Land O’!

Really, it’s named after that. “. . . a place in Egypt given to the Hebrews by the pharaoh of Joseph, and the land from which they later left Egypt at the time of the Exodus. It was located in the eastern Delta of the Nile, lower Egypt."

That’s an impressive piece of civic architecture . . .

. . . and a sign of great prosperity and cultural confidence.

Building on the second from right: “Those other guys on my right are just too loud"

Building on the right “Stop whispering, I can hardly hear you”

A little early, but we’d best get the OUMB out of the way.


Looks like someone went through the window to make a deposit.

People said that the party needed to have a fresh public impression:

It was a newspaper, of course. It was published from 1837 to 1918. Why they put the year 1907 up there makes no sense - makes the paper look dated.

What I love is the tiny model industrial shed perched atop.

Absolutely perfect - undisturbed, well-maintained.

Same as it always was.

After they bricked up the fiends, the townsfolk would gather around the windows to watch them suffer and beg for release

Please, make us a door

Sorry, no

Restored, preserved: revered.

We love the old signs, and the times they suggest.

Yet we never come up with a modern equivalent.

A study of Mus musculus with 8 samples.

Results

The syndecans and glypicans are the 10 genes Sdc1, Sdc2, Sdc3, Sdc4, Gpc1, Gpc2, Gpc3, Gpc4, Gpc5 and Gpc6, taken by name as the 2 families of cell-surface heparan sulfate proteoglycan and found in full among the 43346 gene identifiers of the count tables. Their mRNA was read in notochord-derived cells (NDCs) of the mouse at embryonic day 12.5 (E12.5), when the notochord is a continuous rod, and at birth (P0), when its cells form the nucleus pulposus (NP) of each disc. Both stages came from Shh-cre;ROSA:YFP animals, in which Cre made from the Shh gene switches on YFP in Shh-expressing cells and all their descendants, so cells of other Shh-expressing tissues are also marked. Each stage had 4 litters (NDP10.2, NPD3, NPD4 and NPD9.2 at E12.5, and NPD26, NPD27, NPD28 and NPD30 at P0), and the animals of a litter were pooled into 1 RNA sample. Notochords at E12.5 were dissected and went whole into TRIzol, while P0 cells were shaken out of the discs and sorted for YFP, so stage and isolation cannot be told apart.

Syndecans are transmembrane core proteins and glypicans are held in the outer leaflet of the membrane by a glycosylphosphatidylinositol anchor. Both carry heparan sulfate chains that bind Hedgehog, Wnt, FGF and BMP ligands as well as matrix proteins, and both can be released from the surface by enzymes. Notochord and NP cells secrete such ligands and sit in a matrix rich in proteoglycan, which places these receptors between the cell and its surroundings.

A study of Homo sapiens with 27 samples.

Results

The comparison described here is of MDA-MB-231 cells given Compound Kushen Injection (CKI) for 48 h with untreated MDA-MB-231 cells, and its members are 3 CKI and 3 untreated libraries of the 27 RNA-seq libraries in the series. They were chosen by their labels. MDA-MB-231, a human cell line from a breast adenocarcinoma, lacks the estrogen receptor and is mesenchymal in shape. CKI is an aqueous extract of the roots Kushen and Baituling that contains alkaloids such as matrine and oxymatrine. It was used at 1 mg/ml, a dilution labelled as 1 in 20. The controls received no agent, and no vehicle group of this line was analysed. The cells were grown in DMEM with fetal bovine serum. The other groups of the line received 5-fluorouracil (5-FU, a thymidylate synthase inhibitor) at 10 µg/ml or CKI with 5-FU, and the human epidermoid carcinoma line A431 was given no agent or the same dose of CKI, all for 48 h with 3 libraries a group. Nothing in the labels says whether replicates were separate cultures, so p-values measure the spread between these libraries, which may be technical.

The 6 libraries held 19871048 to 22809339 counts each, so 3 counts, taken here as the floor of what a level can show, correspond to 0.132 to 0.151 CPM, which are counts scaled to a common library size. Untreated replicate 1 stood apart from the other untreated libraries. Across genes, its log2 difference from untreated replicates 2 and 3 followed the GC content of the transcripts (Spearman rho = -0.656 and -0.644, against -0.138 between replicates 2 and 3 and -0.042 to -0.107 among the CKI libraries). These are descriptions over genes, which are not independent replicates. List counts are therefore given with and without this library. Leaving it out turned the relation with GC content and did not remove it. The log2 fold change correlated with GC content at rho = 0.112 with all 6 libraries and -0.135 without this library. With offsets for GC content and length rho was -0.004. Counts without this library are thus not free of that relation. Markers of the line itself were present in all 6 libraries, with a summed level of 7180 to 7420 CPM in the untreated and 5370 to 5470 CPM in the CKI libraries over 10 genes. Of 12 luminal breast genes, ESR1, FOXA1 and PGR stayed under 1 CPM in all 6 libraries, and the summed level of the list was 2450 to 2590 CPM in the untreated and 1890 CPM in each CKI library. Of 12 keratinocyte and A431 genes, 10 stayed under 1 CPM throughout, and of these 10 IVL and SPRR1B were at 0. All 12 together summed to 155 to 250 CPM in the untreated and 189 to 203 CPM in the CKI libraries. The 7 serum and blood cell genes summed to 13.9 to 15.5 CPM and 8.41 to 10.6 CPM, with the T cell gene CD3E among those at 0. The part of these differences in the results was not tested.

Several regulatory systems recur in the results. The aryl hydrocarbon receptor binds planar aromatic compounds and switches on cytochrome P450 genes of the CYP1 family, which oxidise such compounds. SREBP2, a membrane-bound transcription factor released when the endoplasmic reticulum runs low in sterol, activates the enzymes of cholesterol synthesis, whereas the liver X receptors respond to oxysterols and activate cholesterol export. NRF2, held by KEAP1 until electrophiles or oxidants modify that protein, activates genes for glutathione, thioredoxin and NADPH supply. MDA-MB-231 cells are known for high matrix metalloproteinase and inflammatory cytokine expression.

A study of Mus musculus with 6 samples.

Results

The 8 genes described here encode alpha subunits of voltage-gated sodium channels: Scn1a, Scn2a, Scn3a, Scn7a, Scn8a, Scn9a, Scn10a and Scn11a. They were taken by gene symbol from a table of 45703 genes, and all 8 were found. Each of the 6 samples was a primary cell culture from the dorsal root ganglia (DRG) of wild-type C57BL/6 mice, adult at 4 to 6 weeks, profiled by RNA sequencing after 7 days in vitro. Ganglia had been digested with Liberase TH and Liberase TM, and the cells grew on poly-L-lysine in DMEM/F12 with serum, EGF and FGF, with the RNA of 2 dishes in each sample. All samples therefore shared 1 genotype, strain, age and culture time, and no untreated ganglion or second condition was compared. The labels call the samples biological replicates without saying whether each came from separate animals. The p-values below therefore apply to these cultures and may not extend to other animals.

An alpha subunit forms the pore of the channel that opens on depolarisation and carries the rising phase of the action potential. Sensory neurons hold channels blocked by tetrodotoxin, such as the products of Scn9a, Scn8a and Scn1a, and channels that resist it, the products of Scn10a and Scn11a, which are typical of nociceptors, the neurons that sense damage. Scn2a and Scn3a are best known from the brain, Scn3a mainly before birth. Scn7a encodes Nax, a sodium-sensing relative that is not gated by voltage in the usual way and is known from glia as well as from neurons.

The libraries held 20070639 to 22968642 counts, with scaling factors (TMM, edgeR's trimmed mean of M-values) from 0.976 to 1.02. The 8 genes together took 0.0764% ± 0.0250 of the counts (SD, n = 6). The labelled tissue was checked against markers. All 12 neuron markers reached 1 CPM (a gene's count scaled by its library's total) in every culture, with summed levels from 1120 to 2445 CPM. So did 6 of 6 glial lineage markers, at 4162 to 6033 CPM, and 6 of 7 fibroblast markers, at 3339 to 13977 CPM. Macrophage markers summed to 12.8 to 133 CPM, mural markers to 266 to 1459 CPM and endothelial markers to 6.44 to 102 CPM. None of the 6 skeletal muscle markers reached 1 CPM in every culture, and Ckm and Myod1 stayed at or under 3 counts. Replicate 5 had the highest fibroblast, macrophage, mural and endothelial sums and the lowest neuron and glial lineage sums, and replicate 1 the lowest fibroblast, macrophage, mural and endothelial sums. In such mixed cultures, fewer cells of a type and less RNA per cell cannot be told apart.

Odd place for a bank, being midblock, and odd style, being midblck and rusticated.

The building on the left is rather frightening.

Now that’s a bank.

Rote and uninspired - Ionic column usually look too frugal - but perhaps it reassured people that they didn’t waste money on Corinthian fripperies.

“Hoping to avoid the Democrat’s fate since 1942”

Looks like the brother next door got the same odd framed update.

Faded attempt at modernity, perhaps done on the cheap.


The classics abide.

The building was constructed as part of a block of retail stores by Charles A. Harper during 1888. In this particular building he had “a first class boot and shoe establishment” according to newspaper accounts at the time.




The Central Block, 1882.

Evidence of a downtown refresh - the brick crosswalk, the planters. And of course the trees.


That stone . . . not wise.

But if it’s any consolation, the facade was never very interesting.

A small miracle, given what usually happens to these venerable citizens. Perhaps it had half a century behind a screen.

As I always say, I'd rather have neon signs than trees.

It’s the three stages of building desecration and rehabilitation.

They could bring it all back, if they wished.

I’m guessing the entrance was in the back.

Can’t explain the rakish angle of that door. Pity they had to paint the left side, but at least we can see what it was when first built.

Proud little thing, and a boon to any town.